U.S. Jobs: Post-COVID Economic Recovery Is Stabilizing
After a down month in April (278,000 jobs added, revised downward to 269,000 in the latest Employment Situation Summary) and weaker-than-expected growth in May (559,000 jobs added, revised upward to 583,000), the June jobs tally came in at a solid (and relieving) 850,000 jobs added.
Unemployment now stands at 5.9 percent, and the number of unemployed persons at 9.5 million, little changed from May levels. That said, growth levels within arm's reach of 1 million jobs added definitely shows stronger evidence of an ongoing recovery. June suggests that fears about jobs remaining unfilled might start to subside.
Where last month's report underwhelmed and failed to meet expectations, this month's report turned out better than many labor economists were expecting. Consensus forecasts hovered around 700,000 new jobs, so reported numbers came in more than 20 percent higher than expectations.
We've also seen wages increasing more in the last three months than in recent memory: up 13-cents-per-hour in April, 20-cents-per-hour in May, and another 10-cents-per-hour in June, for an average hourly wage now in excess of $30 ($30.40, to be precise) for all employees on private nonfarm payrolls.
Where Job Growth Occurred Is Where You'd Expect It
The big winners for June were areas where employment is volatile, and where the recovery is most evident. Leisure and hospitality added 343,000 jobs, with more than half that number in eating and drinking establishments (bars and restaurants). Hotels and accommodations, as well as arts, entertainment, and recreation each added around 75,000 jobs.
Local government education added 155,000 jobs (75,000 at the state level, 39,000 in private education, and the remaining 41,000 at the local level) as schools gear up for a general return to the classroom this fall. Professional and business services added 72,000 jobs, and retail trade added 67,000 jobs, along with other services adding 56,000 jobs.
Social assistance (32,000), wholesale trade (21,000), mining (10,000), manufacturing (9,000), and transportation and warehousing (11,000) all eked out modest gains. Construction took a slight dip (-7,000), while other sectors were mostly flat (information, financial services, and healthcare).
Supply chain issues continue to depress growth in some sectors — such as computer chips for automobile makers and lumber for construction. Alas, these impose a kind of double whammy on the economy. On the one hand, scarcity drives prices up. On the other, lack of raw materials means less finished product to sell, with lower profits and productivity, and fewer calls to hire new employees to meet strong demand.
In general, though, all other signs point to ongoing and possibly accelerating recovery. The national vaccination rate is above 50 percent mark, and more consumers are starting to, well, consume as they pursue the return to normal life by going out, taking vacations, pursuing leisure and entertainment opportunities, and resuming typical spending and travel patterns.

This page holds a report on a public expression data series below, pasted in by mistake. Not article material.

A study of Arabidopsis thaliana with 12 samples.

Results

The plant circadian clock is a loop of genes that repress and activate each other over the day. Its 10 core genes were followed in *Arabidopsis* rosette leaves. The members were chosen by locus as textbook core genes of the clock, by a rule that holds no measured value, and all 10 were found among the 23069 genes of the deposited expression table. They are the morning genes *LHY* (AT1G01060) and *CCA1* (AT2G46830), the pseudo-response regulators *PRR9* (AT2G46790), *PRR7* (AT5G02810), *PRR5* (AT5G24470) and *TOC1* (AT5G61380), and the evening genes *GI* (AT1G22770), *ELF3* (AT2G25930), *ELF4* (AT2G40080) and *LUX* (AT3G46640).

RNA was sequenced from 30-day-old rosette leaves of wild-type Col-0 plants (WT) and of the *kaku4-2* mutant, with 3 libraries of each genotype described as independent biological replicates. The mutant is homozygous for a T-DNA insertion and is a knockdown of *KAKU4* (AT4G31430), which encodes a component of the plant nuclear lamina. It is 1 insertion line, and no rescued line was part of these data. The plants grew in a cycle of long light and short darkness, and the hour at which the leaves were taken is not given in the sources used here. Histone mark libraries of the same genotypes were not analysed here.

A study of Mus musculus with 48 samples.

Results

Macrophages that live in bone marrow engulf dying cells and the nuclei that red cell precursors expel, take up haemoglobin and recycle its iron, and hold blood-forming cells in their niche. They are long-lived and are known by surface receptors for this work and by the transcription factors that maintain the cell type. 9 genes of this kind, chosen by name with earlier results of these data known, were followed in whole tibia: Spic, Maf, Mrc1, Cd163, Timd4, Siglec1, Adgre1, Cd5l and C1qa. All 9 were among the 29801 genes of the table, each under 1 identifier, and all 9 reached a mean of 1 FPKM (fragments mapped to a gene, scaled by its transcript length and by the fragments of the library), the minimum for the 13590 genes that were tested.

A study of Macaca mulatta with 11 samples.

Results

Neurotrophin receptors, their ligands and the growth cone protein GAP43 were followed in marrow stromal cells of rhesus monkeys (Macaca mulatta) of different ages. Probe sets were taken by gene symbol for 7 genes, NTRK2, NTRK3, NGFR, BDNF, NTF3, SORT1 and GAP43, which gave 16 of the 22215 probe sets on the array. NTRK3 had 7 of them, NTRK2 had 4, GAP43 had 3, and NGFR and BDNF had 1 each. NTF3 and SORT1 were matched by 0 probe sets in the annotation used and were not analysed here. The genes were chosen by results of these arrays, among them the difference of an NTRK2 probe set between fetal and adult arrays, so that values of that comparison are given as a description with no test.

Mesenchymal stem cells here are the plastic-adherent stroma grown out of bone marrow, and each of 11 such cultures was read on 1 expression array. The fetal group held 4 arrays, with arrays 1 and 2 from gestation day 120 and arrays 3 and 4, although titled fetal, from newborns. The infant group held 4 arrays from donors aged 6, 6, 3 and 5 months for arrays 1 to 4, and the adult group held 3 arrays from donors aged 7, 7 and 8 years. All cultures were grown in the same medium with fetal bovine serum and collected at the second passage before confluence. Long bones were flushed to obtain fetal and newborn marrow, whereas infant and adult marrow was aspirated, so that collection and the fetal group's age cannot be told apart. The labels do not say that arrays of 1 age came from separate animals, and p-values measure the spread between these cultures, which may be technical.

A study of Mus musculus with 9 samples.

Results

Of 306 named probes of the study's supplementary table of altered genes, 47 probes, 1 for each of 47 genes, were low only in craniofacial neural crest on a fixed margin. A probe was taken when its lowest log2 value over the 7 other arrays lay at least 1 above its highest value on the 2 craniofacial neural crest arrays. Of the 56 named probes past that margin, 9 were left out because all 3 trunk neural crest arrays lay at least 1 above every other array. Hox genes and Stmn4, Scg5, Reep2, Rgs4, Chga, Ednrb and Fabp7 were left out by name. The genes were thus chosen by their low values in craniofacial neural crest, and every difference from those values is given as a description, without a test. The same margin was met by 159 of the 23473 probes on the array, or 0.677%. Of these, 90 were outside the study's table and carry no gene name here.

Many more companies are talking about having workers return to their offices (albeit on a reduced on-premises schedule for most). That comes as a relief to major metro downtowns that have been suffering from a lack of warm bodies during the work-from-home era.
Where Do We Go From Here?
According to NPR, only 1 out of 3 jobs lost during the pandemic has been regained. They assert that total employment is still 15 million jobs down from pre-pandemic levels in February 2020. Unemployment for black and Hispanic women still remain much higher than those for other demographic groups, and the average rates for the whole labor force.
Despite improvements in June for this cohort, a recent surge in coronavirus infections in some states suggests that the June report may overstate actual job growth. The afore-linked "Planet Money" podcast makes for fascinating listening, and suggests that signs of growth and weakness exist side-by-side in the labor market.
June also saw 7.5 million people get laid off ("growth" is typically the total number or hirings less the total number of firings/layoffs), and 2.9 million "permanent job losers" (those who do not expect to be rehired into their old jobs again, ever). Thus, NPR suggests that many jobs being lost right now will not be coming back.
Essentially, that gives the workforce more losses to make up, and that such losses will have to be recovered through career changes and transitions into different markets and industries.
To me, these analyses make upcoming job growth both more interesting and little more fraught with peril and resistance than I had previously thought. If the labor market can keep growing, it will have to involve dislocations of various sorts for workers needing to find new venues and industries in which to work, because their old jobs are gone forever.
This should make watching the next few reports even more interesting than usual.